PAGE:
If Hollywood producers ever decide to make a TV show about the Valerie Plame case, perhaps they ought to call it "Journalists Behaving Badly."
First came Judith Miller, the self-proclaimed "Miss Run Amok," who seems to have told her editors at the New York Times less than the full truth about her contacts with Scooter Libby and kept "drifting back" to covering the national security beat even after they had told her to stop. Then came Bob Woodward, who felt free to pontificate about the Plame case in public without bothering to tell his editors at the Washington Post that he may have been the recipient of the very first leak. And now comes Viveca Novak, who somehow decided that she needed to hire a lawyer -- but didn't need to tell her editors at Time -- when special prosecutor Patrick Fitzgerald said he wanted to interview her about her discussions with Karl Rove's lawyer.
Novak's story of her role in the Plame case is up at Time's site now, and it is a thing to behold. Novak says Rove's lawyer, Robert Luskin, is a source with whom she has become "friendly," a man she'd meet occasionally -- which seems to mean once every month or so -- at a bar on her way home from work. It was during one of those meetings -- Novak can't remember which -- when Luskin told Novak that Rove hadn't been a source on Plame for Novak's Time colleague Matthew Cooper. The way Novak explains it, she figured her friend was lying to her, and she "instinctively" responded, "Are you sure about that? That's not what I hear around Time."
Luskin seemed genuinely surprised, Novak writes, and he told her that what she had said was "important." Did Novak alert her editors to a) the fact that she had spilled the beans on a secret that Time and Cooper would eventually go to the Supreme Court to protect, or b) the fact that Rove's lawyer seemed not to know that his client had leaked to Cooper? Nope. "If I could have a do-over, I would have kept my mouth shut," she writes. "Since I didn't, I wish I had told my bureau chief about the exchange."
Instead, Novak continued to report on the Plame case for Time. She didn't tell her editors when Luskin told her that he'd told Fitzgerald about their conversation and that the prosecutor might want to interview her. She didn't tell her editors when she hired white-collar criminal defense attorney Hank Schuelke. She didn't tell her editors when Fitzgerald sat her down for a two-hour interview on Nov. 10. "Unrealistically," she says, "I hoped this would turn out to be an insignificant twist in the investigation and also figured that if people at Time knew about it, it would be difficult to contain the information, and reporters would pounce on it -- as I would have."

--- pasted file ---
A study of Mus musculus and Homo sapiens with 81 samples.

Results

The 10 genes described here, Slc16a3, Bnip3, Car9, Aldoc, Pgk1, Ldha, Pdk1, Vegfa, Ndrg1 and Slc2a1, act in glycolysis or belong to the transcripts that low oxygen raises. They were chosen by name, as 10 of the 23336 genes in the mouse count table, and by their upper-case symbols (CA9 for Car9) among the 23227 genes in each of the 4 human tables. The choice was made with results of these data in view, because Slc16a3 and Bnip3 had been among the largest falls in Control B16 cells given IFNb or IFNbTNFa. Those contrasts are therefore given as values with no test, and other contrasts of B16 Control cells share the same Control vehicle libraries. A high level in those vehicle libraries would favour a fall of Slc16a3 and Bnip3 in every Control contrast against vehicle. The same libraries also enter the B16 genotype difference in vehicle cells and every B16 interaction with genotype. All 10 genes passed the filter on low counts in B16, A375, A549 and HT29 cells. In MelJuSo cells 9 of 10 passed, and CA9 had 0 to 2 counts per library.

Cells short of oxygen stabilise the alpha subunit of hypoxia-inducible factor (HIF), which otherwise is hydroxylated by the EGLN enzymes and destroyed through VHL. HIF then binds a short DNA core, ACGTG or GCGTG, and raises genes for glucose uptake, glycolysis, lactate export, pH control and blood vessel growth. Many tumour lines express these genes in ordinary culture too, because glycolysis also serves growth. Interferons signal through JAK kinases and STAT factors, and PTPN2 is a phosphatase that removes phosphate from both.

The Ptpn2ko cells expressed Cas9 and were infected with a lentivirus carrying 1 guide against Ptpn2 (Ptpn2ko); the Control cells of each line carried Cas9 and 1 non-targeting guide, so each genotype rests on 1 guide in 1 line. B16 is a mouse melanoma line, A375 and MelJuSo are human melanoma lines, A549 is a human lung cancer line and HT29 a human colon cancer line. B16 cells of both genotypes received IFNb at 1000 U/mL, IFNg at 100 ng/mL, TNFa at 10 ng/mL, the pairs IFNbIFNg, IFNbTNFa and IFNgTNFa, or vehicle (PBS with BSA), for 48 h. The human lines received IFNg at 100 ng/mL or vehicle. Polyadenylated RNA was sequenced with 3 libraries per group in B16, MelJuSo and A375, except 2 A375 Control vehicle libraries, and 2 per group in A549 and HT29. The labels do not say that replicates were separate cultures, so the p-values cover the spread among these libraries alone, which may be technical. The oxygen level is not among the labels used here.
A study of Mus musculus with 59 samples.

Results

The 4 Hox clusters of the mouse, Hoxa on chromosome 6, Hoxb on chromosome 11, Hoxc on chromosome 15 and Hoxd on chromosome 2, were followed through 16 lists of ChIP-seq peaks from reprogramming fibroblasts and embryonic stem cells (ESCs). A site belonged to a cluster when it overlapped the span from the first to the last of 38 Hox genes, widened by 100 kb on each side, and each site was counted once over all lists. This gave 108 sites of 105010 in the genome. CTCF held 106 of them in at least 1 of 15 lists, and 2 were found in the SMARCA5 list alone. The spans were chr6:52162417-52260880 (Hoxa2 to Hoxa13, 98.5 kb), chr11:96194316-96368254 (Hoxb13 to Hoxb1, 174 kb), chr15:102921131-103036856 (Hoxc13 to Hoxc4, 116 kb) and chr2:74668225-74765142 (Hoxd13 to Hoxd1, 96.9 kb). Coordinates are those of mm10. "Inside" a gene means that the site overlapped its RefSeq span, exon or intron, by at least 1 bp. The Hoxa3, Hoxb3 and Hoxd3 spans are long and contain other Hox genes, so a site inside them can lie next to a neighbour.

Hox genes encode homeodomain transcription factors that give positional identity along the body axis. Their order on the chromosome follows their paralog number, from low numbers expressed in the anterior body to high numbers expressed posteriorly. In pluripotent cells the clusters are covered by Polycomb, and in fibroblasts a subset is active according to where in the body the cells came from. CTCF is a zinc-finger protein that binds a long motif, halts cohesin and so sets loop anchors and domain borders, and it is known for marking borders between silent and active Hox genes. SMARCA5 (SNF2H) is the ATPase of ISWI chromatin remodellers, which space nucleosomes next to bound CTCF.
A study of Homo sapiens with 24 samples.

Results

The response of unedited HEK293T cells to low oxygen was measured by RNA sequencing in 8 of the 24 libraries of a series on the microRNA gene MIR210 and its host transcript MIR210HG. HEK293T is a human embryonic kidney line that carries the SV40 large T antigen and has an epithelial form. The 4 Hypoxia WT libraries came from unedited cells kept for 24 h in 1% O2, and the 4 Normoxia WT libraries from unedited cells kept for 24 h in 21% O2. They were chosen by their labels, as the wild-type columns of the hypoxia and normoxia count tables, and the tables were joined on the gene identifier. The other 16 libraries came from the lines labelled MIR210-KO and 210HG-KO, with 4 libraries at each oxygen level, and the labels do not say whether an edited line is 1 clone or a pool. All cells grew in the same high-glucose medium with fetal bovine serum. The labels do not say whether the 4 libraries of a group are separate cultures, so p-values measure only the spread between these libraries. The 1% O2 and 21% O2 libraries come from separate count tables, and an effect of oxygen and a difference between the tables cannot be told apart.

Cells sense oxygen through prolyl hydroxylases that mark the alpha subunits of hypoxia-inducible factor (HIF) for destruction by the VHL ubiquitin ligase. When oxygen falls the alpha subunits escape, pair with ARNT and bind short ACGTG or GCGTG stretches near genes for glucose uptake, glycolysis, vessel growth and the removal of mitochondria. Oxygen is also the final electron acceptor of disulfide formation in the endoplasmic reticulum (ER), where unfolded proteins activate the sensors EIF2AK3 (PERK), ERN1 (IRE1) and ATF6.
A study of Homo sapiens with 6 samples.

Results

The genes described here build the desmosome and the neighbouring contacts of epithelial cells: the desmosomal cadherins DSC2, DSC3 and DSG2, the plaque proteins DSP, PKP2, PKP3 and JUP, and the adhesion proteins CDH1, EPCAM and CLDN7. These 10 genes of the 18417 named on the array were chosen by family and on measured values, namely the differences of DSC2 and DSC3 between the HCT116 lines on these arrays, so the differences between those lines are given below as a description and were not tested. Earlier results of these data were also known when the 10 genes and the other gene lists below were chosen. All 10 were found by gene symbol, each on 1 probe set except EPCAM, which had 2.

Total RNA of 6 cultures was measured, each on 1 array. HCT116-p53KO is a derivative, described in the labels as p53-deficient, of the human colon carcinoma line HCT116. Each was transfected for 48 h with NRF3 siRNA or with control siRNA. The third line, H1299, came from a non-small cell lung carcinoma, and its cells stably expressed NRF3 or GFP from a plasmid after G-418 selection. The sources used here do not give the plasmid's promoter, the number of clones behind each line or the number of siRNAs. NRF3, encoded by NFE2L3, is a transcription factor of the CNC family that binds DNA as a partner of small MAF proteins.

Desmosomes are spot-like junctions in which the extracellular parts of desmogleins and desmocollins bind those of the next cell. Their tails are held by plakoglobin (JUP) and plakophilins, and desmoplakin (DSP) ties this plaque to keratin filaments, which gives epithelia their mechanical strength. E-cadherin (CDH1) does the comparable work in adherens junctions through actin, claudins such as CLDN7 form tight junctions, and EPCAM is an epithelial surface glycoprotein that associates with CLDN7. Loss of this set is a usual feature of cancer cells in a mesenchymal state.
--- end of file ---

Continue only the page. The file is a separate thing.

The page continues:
Apparently concerned that her colleagues would have the same loose-lips problem she apparently had, Novak kept her secret to herself and continued to report on the Plame case while -- unbeknownst to her editors -- playing an increasingly important role in it. And "ironically," she says, she was writing about Woodward's role in the case when her lawyer called to say that Fitzgerald wanted to depose her under oath. That was on Nov. 18. On Nov. 20, she drove to the home of Time Washington bureau chief Jay Carney and told him what had happened. Carney called Time managing editor Jim Kelly. "Nobody was happy about it, least of all me," Novak says.
Well, maybe not least of all her. Novak is on a leave of absence now, and Kelly has made his displeasure known in an interview with the New York Times. Noting that Novak's first-person account is "full of regret about what happened," Kelly says: "I'm taking this seriously. I'm upset and she's upset."